Do you experience chronic constipation or diarrhea, or do you fail to completely digest and absorb food completely you eat? Is stomach pain an issue? Are you gaining or losing weight or experiencing changes in your appetite although you haven’t changed your diet?
Especially if you experience these symptoms along with any of a number of other issues like sensitivity to heat or cold, dry, coarse skin and hair, fatigue and mental lethargy, nervousness and irritability or difficulty sleeping, muscle weakness or tremors, or heart palpitations, consider the possibility that your thyroid isn’t functioning optimally.
Your thyroid, a very small gland in the front of your neck just under your Adam’s apple, regulates virtually every cell in your body, impacting many bodily functions. The influence this tiny gland has on your overall health and well-being is tremendous because, in addition to impacting various processes directly, your thyroid gland controls basal metabolism.
Among the processes regulated by your metabolism are fat metabolism, carbohydrate metabolism, protein synthesis, protein catabolism and insulin secretion.
Basal metabolism is the way your cells use the energy they have absorbed from food during digestion. Too much or too little input from your thyroid can result in disruptions in that process. If your metabolism works too slowly or too quickly, your body doesn’t absorb and use nutrients efficiently from the food you eat. When this happens, the food you eat is poorly digested and poorly utilized calorie-for-calorie. Problems occur at the cellular level, and eventually you experience many different kinds of symptoms because various body systems aren’t getting the fuel they require.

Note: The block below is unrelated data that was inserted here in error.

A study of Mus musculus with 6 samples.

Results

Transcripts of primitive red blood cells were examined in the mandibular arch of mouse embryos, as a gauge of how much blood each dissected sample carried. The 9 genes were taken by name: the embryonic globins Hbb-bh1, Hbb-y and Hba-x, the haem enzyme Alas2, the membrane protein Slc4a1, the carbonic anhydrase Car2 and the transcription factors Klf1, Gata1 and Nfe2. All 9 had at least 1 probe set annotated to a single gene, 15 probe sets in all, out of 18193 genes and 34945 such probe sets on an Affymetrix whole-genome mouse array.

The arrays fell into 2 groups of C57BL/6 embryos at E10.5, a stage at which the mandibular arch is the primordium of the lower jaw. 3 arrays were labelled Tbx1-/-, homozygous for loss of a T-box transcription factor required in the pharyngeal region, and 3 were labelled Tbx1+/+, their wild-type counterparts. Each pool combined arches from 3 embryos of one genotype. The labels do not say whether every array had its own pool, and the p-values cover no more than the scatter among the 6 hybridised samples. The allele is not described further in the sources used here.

How your thyroid works
Let’s explore a more direct relationship between your thyroid and your digestion by taking a look at how your thyroid works.
In response to chemical signals from your brain (TSH – Thyroid Stimulating Hormone), your thyroid gland secretes hormones, primarily T4 (Tetraiodothyronine). Your body, however, prefers T3 (Triiodothyronine). For the most part, T4 converts to T3 in your peripheral organs, one of which is your digestive system. You can think of T4 as an inactive form of thyroid hormone and T3 as its active counterpart.
Clearly, there are several points in the process where things can go wrong or not work at the optimal level. If your thyroid suffers damage in some way, it sends out too much or too little T4. Many people have difficulty at the point of conversion, and there is too much or too little T3.
There are additional complicating factors in the digestive process. Since healthy gut flora are important to the conversion process, if those flora are out of balance, they negatively influence it. Conversely, if there is a problem in the conversion process, it can negatively impact the health and balance of gut flora. In some ways, therefore, it is more accurate
to call the relationship between thyroid and digestion a reciprocal process.
Problems in digestion can occur even before your system metabolizes the food you eat. Digestion refers to how the body processes food in the gastrointestinal (GI) tract and eliminates food waste via the intestines.
Although stimulated chemically, digestion is a mechanical process, and your thyroid hormones regulate that as well. Esophageal or intestinal peristalsis speeds up or slows down. Similarly, digestion in the stomach or intestines may speed up or slow down, or you might suffer from a reduced concentration of stomach acid and digestive enzymes.
Hyperthyroidism links most often to diarrhea. The symptoms represent a system running on high, with reduced transit time and absorption and wasted calories. There could be several reasons for this diarrhea including:
- Fat malabsorption
- Intestinal hypermotility
- Hypersecretion of bile
- Pancreatic enzymes and secretin in small intestine tissue
- And increased intestinal transit time
Hypothyroidism, on the other hand, links most often to constipation with slower intestinal peristalsis, the contractions that move food waste out.
Your body is an amazing and complex system. Like an orchestra playing together in perfect harmony, your body has many parts, each with its own job to do, all working together in perfect harmony when you are healthy. You don’t even notice how amazing you are until something goes wrong! And if the something that goes wrong is your thyroid, it has an impact far greater than its size in relation to the rest of your body suggests.